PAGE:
Spring Festival Is Still Celebrated By Christians And Muslims In Egypt

Sham El-Nessim: Ancient Egyptian Spring Festival Is Still Celebrated By Christians And Muslims In Egypt

By @LoraMoftah on
The ancient Egyptian spring festival of Sham El-Nessim will be marked Monday by Christians and Muslims alike. The pyramids, employed in ancient times as tools for calculating the date of the holiday, are pictured here behind a minaret in Old Cairo Dec. 31, 2013. Reuters/Amr Abdallah Dalsh
In many ways, contemporary Egypt can feel very removed from its pharaonic past. But modern-day Egyptians do keep some customs of their ancestors alive through one notable tradition, and that is the annual observance of Sham El-Nessim, an ancient Egyptian spring festival that is celebrated to this day by Christians and Muslims in Egypt alike.
Sham El-Nessim, translated from Arabic as “smelling the breeze,” is celebrated every year on the Monday after Eastern Orthodox Easter. Although its date is determined by the Christian holy day, the spring celebration goes back 4,500 years to the time of the pharaohs, when it was called Shamo, or “renewal of life,” in reference to the beginning of the agricultural growing season.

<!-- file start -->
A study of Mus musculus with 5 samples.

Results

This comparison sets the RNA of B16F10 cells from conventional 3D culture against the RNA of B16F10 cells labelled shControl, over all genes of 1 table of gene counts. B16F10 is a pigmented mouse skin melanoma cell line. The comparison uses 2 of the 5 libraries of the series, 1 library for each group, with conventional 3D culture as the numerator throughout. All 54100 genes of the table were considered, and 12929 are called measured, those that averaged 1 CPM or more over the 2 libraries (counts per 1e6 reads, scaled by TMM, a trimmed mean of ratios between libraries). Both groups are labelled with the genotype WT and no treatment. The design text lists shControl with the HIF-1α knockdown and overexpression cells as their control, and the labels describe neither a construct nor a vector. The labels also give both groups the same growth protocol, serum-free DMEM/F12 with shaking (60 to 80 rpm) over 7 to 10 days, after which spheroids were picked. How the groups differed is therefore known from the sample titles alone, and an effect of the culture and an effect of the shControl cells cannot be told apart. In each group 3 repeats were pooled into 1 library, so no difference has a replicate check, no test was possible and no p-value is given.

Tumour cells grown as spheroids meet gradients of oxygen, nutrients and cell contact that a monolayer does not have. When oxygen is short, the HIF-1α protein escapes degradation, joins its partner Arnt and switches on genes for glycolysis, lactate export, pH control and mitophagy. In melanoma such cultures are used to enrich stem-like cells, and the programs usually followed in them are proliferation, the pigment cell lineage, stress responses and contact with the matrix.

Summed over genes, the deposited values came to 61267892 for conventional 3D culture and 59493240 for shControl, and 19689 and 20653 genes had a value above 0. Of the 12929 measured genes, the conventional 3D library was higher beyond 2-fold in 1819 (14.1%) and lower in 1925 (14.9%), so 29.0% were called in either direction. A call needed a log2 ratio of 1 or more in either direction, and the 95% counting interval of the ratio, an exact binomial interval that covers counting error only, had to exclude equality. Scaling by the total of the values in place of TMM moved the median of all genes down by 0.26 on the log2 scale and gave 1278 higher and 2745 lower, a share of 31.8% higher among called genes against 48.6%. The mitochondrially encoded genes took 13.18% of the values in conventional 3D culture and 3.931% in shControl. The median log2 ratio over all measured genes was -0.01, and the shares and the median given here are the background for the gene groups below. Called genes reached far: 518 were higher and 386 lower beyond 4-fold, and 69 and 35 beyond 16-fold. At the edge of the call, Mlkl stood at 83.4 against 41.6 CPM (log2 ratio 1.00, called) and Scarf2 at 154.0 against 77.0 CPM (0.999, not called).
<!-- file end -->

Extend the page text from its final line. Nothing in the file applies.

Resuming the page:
Ancient Egyptians celebrated the holiday at the beginning of the spring equinox, the date of which would be calculated by measuring the direction of the sunlight over the Giza pyramids. As was the case with other spring festivals around the world, eggs were an important symbol in the celebration of Sham El-Nessim, so ancient Egyptians would boil, color and decorate eggs. Another notable custom included writing wishes on the eggs and tucking them into baskets, which people would then hang on trees or roofs in anticipation of answers from the gods.
Perhaps the most distinctive tradition associated with Sham El-Nessim is the consumption of scallions and salted fish, known in Arabic as fiseekh, a practice that Egyptians have enthusiastically carried into the present day. “The ancient Egyptian used to live close to the river Nile. So people used to store and salt the extra fish they had,” Abdel Nasser Saber, an Aswan tour guide, told the Daily News Egypt in an interview. With its distinctive smell, fiseekh gives literal meaning to the phrase “smelling the breeze” as the Sham El-Nessim staple is widely consumed on the holiday throughout the country.
Sham El-Nessim is now a national holiday in Egypt, typically marked with family outings to public parks and other open, outdoor spaces, such as zoos. Last year, the Giza Zoo had as many as 70,000 visitors on the holiday, while more than half a million people visited the Qanater Gardens north of Cairo, Egypt’s state-run Middle East News Agency reported. With both Christians and Muslims turning out to participate in the festivities, the holiday is one of the few major celebrations in Egypt that crosses religious lines.